Indian-American Aarushi Wadhwa Wins Ashoka Changemaker Challenge For Devising Unique Water Conservation Method

Among the recent winners of the Ashoka, Changemaker Challenge is Indian-American high schooler from Campbell, California-based Westmont High School Aarushi Wadhwa, the Ashoka Foundation announced recently. Along with her team, Wadhwa successfully devised a unique way to tackle drought and conserve water – a project that was named Aqua-Pods. At this year’s Ashoka Changemaker Challenge, the project won the first prize in the environment category. 

A massive amount of research and experiments have gone into the process ever since the team came up with the idea for Aqua-Pods in October 2017. 

Talking about this particular project, Wadhwa wrote on the Changemakers website, “Our project is addressing the problem of the biggest water wastage in human water cycle on a global scale. Research and studies by UN and other agencies have shown that out of the 4 trillion m^3 of freshwater used per year, 75% is for agriculture and irrigation purposes. 50% of it goes to waste due over watering, evaporation, wind, and runoff. With water being such an essential part of sustaining our environment, we must reduce it’s wastage.” 

“After brainstorming, researching, and discussing with experts like Master Gardeners and local nurseries, I came up with an innovative solution for the problem of water wastage associated with gardening and agriculture, called Aqua-Pods — biodegradable sponges that are held inside pockets of cylindrical attachments lined with a weed sheet. The plant grows inside this attachment. When we water the plant, Aqua-Pods soak up the excess water, and when the plant needs water, the sponges release the previously absorbed water to the plants (using osmosis),” she added. 

An experiment conducted by the team for over six weeks proved that the soil with Aqua-Pods has higher moisture content. Further, this soil can retain water for a more extended period.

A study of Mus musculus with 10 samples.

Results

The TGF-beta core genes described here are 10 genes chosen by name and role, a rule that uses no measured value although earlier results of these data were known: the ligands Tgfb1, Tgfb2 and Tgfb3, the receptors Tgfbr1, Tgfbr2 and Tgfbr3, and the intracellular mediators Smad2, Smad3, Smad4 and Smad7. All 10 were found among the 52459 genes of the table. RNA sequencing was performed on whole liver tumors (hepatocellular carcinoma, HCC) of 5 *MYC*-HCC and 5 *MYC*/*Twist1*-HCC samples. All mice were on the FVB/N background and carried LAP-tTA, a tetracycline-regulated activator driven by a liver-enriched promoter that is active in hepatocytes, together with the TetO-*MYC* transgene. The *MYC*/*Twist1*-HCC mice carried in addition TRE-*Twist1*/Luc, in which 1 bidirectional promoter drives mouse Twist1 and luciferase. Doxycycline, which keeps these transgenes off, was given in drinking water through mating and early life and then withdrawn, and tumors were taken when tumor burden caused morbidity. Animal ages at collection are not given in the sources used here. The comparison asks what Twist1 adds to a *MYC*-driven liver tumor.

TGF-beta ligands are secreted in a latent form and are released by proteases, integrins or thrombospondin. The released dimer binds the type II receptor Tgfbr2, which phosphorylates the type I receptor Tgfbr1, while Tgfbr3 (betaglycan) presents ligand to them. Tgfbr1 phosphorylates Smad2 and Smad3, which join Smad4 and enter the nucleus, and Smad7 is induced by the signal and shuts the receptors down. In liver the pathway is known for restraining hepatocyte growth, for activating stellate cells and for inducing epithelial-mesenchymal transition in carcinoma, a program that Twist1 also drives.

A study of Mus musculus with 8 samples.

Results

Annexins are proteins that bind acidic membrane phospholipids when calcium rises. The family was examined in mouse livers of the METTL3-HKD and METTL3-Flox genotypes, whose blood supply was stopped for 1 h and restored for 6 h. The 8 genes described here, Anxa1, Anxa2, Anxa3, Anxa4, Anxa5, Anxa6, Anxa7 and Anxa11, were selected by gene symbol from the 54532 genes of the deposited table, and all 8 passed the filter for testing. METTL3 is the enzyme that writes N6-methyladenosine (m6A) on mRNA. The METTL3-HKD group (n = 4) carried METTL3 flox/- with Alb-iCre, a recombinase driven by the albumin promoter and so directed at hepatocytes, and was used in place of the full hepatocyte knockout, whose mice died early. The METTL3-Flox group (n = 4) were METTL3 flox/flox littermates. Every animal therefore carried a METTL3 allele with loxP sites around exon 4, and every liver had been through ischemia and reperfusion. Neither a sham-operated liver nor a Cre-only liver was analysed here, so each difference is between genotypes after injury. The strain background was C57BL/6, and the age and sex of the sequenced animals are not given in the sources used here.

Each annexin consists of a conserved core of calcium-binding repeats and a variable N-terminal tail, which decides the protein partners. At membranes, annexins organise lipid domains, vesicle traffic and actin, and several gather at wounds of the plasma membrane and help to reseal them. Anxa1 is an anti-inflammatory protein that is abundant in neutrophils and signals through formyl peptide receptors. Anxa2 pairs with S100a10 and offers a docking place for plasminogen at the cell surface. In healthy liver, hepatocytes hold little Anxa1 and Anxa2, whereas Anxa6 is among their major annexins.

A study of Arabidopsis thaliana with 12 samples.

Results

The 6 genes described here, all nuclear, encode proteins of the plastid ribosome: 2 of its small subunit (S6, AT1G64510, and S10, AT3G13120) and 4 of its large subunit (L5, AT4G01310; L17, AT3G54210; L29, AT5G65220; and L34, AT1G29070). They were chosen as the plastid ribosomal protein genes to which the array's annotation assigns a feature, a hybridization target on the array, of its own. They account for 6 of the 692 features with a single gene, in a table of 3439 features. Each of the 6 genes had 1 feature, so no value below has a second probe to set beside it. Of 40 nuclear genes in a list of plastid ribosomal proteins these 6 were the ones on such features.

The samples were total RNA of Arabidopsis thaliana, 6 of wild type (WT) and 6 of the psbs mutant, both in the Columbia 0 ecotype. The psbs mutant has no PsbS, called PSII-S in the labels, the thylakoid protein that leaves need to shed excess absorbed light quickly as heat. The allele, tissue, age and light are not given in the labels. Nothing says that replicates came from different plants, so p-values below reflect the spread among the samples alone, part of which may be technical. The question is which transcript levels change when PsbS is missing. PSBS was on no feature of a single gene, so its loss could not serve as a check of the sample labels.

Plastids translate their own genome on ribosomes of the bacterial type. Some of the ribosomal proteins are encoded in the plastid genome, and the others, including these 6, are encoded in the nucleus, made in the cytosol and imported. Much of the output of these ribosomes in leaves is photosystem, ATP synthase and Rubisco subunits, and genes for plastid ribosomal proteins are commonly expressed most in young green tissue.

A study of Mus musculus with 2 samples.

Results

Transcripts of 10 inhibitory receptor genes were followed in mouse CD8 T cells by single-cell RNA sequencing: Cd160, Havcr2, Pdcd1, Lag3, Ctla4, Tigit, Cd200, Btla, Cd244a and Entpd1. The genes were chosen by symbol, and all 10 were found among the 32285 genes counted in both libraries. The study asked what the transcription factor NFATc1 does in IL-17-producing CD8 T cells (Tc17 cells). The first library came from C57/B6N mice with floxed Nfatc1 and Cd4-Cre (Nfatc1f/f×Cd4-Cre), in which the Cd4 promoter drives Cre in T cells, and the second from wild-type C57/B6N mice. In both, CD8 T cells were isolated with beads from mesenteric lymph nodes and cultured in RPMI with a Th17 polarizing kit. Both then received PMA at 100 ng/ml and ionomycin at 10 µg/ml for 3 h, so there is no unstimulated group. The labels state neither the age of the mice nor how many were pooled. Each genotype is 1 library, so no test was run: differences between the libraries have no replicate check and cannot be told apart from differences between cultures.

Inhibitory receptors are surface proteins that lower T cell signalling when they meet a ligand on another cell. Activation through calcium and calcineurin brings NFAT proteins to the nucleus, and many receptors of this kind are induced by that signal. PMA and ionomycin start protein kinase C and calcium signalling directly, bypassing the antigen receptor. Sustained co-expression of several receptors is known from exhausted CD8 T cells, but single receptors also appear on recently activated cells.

“I have conducted an experiment over 6 weeks and it successfully proves that the soil with Aqua-Pods has higher moisture content, and also retains water for a much longer period. The data shows that Aqua-Pods provides 3X water savings. Even if Aqua-Pods makes a difference by 1%, 8 billion m^3 of water is saved, which is more than the current global freshwater shortage. In addition, studies have shown that plants grow best in fertile soil – with optimal pH value, and high nitrogen, potassium, and phosphate levels. Aqua-Pods contain natural ingredients like coffee grounds, potato and banana peels that have proven to increase soil fertility,” Wadhwa wrote. 

Explaining how Science, Technology, Engineering and Math (STEM) are helpful, Wadhwa wrote, “There are a few different STEM aspects to Aqua-Pods. This includes the fundamental scientific phenomenon of osmosis which allows the water initially soaked up by the Aqua-Pod sponge, a semi-permeable material, to be released to the plant when needed. This reduces water evaporation, and individuals don’t have to worry about over-watering.” 

“Science also shows that natural ingredients such as potato peels and coffee grounds help fertilize soil and result in the optimal pH level for plant wellness. In order to create a prototype, we used the engineering design process to make the ideal contraption which could easily slide in and out of a variety of pots, and can hold several Aqua-Pod sponges. Using engineering, we were able to create different Aqua-Pod models to adhere to various environments from at-home gardening to large plantations,” she added. 

Highlighting the key activities carried out as part of the project, Wadhwa said that they initially identified the area of largest water consumption, and then came up with solutions to reduce water wastage -recycling home water, developing special soil, and then finally coming up with the idea of Aqua-Pods.  

“After positive results from competitive analysis and extensive experiments, discussions and feedback from industry experts & the community, we finalized the idea and created a fully functional prototype and filed for a provisional patent,” Wadhwa wrote.